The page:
What is the AHIP?

You may have heard your Medicare advisor talk about the AHIP. Or, maybe you’ve seen the term online when researching your Medicare options. While there is nothing you need to do as a consumer, it is important that any Medicare advisor you work with have their AHIP certification.

Let’s talk a little bit about what the AHIP is and what it requires of Medicare advisors.

AHIP: America’s Health Insurance Plans

The AHIP was formed in 2013 upon the merging of the Health Insurance Association of America (HIAA) and the American Association of Health Plans (AAHP). AHIP is a national trade association in the health insurance industry whose goal is to create a more affordable healthcare system by using research and modifying policies. It represents about 1300 insurance companies that provide coverage for over 200 million individuals.

AHIP requires all insurance agents who sell Medicare Advantage plans (Part C of Medicare) to complete their training courses. The training courses ensure that the agents are compliant with CMS regulations and guidelines. This certification process helps protect Medicare beneficiaries.

AHIP Certification Process

The AHIP certification process requires agents to complete two courses. The first course covers the basics of the Medicare program. Agents will need to have an understanding of Medicare eligibility and benefits and also understand the different types of Medicare Advantage and Part D plans. The first course will also discuss marketing guidelines and compliance as well as proper enrollment procedures.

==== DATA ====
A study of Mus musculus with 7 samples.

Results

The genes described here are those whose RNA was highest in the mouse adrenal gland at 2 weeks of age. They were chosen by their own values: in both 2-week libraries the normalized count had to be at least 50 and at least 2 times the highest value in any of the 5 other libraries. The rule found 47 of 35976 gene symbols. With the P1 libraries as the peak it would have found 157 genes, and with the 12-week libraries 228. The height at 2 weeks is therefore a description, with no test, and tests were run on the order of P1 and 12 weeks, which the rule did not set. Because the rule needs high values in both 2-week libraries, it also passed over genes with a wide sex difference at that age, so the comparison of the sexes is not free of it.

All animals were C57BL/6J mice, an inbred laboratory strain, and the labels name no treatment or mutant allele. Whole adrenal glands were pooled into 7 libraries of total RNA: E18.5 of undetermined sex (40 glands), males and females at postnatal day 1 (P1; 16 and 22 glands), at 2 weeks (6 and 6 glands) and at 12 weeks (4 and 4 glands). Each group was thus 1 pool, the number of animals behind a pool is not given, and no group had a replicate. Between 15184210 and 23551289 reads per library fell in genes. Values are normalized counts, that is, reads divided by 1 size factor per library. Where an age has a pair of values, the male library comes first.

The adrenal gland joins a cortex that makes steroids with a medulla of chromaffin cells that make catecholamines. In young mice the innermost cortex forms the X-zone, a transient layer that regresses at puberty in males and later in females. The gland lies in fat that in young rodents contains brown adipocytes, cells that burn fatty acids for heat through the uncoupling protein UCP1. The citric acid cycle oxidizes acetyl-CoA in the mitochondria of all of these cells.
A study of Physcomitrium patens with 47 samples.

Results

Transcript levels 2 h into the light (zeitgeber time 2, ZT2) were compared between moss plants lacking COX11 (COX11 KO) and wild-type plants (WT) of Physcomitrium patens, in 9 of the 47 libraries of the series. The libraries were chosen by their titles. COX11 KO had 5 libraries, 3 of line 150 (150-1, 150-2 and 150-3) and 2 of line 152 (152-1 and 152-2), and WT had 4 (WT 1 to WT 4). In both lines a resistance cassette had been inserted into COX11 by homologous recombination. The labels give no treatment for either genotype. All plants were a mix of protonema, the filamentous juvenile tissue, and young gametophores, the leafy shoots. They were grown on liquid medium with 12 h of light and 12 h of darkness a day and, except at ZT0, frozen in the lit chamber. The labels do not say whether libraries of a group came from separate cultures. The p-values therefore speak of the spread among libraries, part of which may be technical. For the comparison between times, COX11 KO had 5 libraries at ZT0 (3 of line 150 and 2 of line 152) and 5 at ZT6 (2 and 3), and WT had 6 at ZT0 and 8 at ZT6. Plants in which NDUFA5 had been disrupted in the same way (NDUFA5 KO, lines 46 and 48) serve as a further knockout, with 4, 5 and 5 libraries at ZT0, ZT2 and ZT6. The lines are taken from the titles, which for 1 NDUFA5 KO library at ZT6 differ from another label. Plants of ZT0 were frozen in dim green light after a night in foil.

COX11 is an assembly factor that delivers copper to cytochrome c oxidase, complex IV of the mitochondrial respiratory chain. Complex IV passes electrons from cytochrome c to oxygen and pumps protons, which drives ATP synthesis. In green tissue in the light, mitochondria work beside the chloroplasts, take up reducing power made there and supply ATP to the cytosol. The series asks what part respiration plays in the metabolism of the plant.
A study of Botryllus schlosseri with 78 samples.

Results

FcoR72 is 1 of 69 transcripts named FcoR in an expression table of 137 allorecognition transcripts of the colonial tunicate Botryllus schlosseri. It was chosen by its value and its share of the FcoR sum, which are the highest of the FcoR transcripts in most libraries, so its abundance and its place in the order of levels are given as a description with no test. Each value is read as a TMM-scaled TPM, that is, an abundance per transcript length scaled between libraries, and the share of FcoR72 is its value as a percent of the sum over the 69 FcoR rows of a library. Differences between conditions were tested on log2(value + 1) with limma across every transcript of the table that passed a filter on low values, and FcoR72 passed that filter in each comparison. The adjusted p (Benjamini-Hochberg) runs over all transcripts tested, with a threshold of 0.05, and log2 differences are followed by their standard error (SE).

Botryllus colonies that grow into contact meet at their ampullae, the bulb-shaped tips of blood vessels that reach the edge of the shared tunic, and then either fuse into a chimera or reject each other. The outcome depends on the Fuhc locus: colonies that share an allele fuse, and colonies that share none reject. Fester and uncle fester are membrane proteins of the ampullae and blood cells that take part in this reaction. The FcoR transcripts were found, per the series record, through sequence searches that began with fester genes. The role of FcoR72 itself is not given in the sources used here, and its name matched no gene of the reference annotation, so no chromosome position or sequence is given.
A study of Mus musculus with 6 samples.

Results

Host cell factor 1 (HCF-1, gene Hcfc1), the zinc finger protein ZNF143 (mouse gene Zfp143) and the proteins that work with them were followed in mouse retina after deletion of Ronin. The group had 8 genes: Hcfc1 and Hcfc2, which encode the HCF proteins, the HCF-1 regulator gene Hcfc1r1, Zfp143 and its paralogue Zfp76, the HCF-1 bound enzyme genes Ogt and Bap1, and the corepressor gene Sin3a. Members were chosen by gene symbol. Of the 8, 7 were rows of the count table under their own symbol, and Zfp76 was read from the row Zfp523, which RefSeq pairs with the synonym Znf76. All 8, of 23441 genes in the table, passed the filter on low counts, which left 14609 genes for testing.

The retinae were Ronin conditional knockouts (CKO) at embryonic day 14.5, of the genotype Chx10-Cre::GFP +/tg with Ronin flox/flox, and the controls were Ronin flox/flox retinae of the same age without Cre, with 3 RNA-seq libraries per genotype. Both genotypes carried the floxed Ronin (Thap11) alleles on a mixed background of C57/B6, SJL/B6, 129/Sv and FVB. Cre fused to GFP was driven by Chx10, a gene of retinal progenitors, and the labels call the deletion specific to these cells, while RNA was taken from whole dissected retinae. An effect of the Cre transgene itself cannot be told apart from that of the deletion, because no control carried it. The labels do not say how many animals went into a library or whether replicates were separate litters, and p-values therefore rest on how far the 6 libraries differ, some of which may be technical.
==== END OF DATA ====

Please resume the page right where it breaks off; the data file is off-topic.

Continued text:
The word Fraud typed out on a sheet of notebook paper referring the second AHIP Certification course
This course discusses the efforts and tools used by the industry to detect Medicare program fraud.

The second AHIP course is Fraud, Waste, and Abuse (FWA). This course discusses the efforts and tools used by the industry to detect Medicare program fraud. Medicare is a federal program, so the government takes fraud seriously. FWA informs the agent about the financial and human cost of fraud and how to report suspected fraud.

Once an agent has reviewed the modules in each AHIP course, they can take practice quizzes to test their knowledge. The final exam is open-book, but it does have time limits, so agents cannot rely on being able to look up every answer.

All agents must complete the AHIP certification annually. Since CMS often updates its guidelines, the AHIP helps agents stay up-to-date on the current information. Once an agent has passed their first AHIP exam, it should be easy to complete the annual renewals since they have already demonstrated their knowledge of the Medicare program.

The AHIP must be completed prior to the Annual Enrollment Period (AEP). AEP happens every year, beginning on October 15 and lasts through December 7. During this time, Medicare beneficiaries can make changes to their Medicare Advantage and/or Part D prescription drug plans.

Carrier Certifications

In addition to the AHIP, some insurance carriers require certification for their own products. It will focus mostly on the carrier’s specific plans and can usually be done through the broker portals online. Each company has

Once the agent has received their AHIP certification, they’ll need to follow directions given by all the carriers they are contracted with. They may need to submit their AHIP certification to an online portal. Every carrier has its own requirements.